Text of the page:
For a collective group (white media and white politicians) that has done all it can to pretend that there is no black/white issue in Toronto over the last several years, it was quite amusing to see them falling over each other in an attempt to clarify, explain away or condemn the issue of Afrocentric schools. After all, it's another chance for the "big, white brother" to show his love and care for the "po' black folk" whose hands need to be held at every turn. Let's examine a cross-section of responses from the 3 largest dailies in Toronto - the Star, the Sun and the infamous Globe and Mail.
Find a link to a commentary by of all people, the Ontario National Democratic Party (NDP) Leader, Howard Hampton - http://www.thestar.com/comment/article/307176
As my name suggests, I am a social conservative, so hopefully I can be forgiven for what may be perceived as a biased point of view about (against, really) the left-wing, "support every liberal, but black issue" NDP.
Old Howard starts off with a very gratuitous statement about how hard black parents work and what the impact on family and school life is. I can just imagine the Chinese immigrant father who works two jobs, and his wife who works another 2 or 3, and yet both have kids who come home with A's and B's, while our kids are coming home with D's and F's - or do the Chinese have 2 heads?
Then Howard, whose party hasn't done a single meaningful thing for blacks in Ontario that I can remember - either while they were in power or in the opposition - tries to inform his educated readers that segregation claims are unfounded. That sounds just like the KKK or Aryan Nation telling us that they don't segregate per se, rather they want to keep their race separate to avoid pollution. Howard, please look up the meaning of the word segregation before using it, and don't think that because the left-wing NDP says something isn't segregation, it will be universally accepted.
The compounding of his crime however, is when he compares the opening of an Afrocentric school to a gay-friendly one recently opened. I think it's quite sick and despicable to introduce such gay themes (which I don't approve of, it must be said) into the lives of young kids who don't even know what sex is, all in the name of being inclusive (I digress), and NO ONE should compare blacks and gays, not today and not tomorrow. We were born black, they chose to go the way they did (and yes, most scientific evidence points to that fact, even sociology agrees with that).
Read the full article and marvel at the condescension and half-wit of a man who wants to be Premier someday.
Article by Sid Ryan, a Sun columnist -
Sid Ryan chooses to play the role of the sympathetic white man, who isn't really as bad as the black folk think, and who knows his black history. His points are well taken, except when he doesn't explore the reason why black parents are crying out for help. They are doing so because they are looking for a cop out. It's the simple age-old tactic that post-civil rights black folks use - if they can't navigate the system, then the system must be wrong.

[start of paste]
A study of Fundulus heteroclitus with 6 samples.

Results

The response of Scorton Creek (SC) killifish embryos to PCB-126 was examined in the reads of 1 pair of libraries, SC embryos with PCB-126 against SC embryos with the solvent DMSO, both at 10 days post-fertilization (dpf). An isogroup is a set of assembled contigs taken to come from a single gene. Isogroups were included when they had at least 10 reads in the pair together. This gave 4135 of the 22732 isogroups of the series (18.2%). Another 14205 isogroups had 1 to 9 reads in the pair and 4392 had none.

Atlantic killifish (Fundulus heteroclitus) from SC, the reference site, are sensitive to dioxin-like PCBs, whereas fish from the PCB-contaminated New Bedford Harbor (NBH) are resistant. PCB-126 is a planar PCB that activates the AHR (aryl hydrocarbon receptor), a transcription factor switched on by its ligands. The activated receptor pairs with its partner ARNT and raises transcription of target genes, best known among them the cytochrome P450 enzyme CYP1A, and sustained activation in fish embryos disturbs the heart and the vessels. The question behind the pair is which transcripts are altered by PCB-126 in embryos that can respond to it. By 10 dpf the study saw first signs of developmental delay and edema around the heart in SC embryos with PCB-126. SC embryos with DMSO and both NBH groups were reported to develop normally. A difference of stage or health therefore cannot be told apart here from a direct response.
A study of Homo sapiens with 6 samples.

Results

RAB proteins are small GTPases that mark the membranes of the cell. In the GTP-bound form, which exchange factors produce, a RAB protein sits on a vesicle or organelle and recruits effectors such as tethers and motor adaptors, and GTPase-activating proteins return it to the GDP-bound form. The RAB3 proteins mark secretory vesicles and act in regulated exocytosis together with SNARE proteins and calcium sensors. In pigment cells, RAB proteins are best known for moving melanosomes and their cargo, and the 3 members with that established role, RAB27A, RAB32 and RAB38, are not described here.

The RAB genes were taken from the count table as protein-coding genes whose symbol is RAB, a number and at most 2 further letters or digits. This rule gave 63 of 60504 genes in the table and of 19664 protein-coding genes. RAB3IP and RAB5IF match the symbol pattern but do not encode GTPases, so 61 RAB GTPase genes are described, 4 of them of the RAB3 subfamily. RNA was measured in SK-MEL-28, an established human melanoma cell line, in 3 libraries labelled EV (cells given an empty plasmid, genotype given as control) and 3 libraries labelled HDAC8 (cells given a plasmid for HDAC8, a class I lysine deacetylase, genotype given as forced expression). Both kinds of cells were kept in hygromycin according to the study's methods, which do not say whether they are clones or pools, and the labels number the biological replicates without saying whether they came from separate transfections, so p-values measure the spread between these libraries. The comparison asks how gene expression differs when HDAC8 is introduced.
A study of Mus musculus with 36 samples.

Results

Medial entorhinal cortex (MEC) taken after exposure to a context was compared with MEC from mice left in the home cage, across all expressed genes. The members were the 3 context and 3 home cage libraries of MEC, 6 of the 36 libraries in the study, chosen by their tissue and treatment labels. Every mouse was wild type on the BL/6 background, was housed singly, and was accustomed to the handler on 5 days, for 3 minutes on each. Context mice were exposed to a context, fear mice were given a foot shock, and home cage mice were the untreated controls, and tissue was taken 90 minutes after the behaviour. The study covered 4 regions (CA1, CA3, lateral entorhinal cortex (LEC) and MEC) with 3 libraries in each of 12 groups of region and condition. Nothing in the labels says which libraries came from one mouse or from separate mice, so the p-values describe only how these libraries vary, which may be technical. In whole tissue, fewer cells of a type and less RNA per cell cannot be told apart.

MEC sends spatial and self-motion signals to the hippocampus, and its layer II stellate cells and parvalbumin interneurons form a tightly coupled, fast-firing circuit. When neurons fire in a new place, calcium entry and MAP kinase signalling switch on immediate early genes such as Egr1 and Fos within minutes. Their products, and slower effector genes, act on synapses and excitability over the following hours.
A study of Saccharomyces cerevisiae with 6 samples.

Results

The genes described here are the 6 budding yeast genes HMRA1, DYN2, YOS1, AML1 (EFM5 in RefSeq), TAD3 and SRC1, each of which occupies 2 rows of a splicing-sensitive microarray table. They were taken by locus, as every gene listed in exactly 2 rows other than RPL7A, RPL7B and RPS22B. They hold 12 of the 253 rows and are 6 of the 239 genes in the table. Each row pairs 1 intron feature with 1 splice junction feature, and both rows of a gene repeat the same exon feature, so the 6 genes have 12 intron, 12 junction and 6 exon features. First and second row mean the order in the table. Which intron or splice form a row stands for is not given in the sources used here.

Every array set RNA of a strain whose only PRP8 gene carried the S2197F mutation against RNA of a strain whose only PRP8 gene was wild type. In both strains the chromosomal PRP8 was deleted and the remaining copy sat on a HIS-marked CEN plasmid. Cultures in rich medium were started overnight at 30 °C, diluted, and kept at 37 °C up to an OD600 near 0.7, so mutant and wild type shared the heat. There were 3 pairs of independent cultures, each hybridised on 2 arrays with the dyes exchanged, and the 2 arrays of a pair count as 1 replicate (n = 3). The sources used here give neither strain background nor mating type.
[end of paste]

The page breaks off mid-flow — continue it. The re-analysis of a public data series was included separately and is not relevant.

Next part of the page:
Affirmative action in the US didn't increase the number of blacks that graduate from high school - all it ended up doing was increasing the number of white women in the labor force, and increasing the number of blacks who could get into university with a C+, where before a B- or B would have been the minimum. If anything, reports out of the US suggest that the percentage of blacks who fail high school hasn't really changed. Why? Because their failing school has very little to do with lack of opportunities, and more to do with some of the social factors I mentioned yesterday.
It is the same thing here. The Afrocentric school might motivate students who would otherwise have performed at an average level due to lack of motivation or "role models", but it won't make someone who has no interest in learning do well.
Then again, good white boy Sid wouldn't want to say that - he might risk getting black people angry at him, and we wouldn't want that, would we?
Globe and Mail
The Globe took two approaches to this - an article tailored to their black readers (a facetious, yet interesting critique of Afrocentric schools linked below), and a cartoon tailored to their non-black (read: majority) audience - both saying the same thing, however. It was a classic case of two-faced, yet similar, journalism at its best.
I won't bother linking the cartoon, except to say that most black people found it insulting, while other black people, like myself, could care less one way or another. If image has suddenly become a problem with black people, then maybe we should be more active in declaring war against street gangs, eschewing violence among our youth and stop bad parenting habits, as these all do a million times more damage than that cartoon. Besides, if our kids step onto the buses or streetcars, and all people hear them saying is "s'up dawg", etc, why do we complain about other people associating such so-called ebonic terms with us?? Let us stop the hypocrisy, which may have worked for old Jesse Jackson and Al Sharpton, but is becoming redundant in this day and age.
Back to this article, the Globe makes sense, except for the underlining theme of "let's ignore the issue and make it go away". In this blog, I've tried to outline what I think is at the root of the problem, not just my criticism of the proposed idea, and I would much rather have a flawed solution like the Afrocentric schools than none at all. Sadly, that's all the article offers us no such relief, so to the Globe and Mail editor, please note - critique without a remedy is the last thing the problem of underachieving black youth needs.
Tomorrow, this space will examine why black leaders constantly look for handouts and affirmations of silly ideas, and why they are not interested in the real solutions.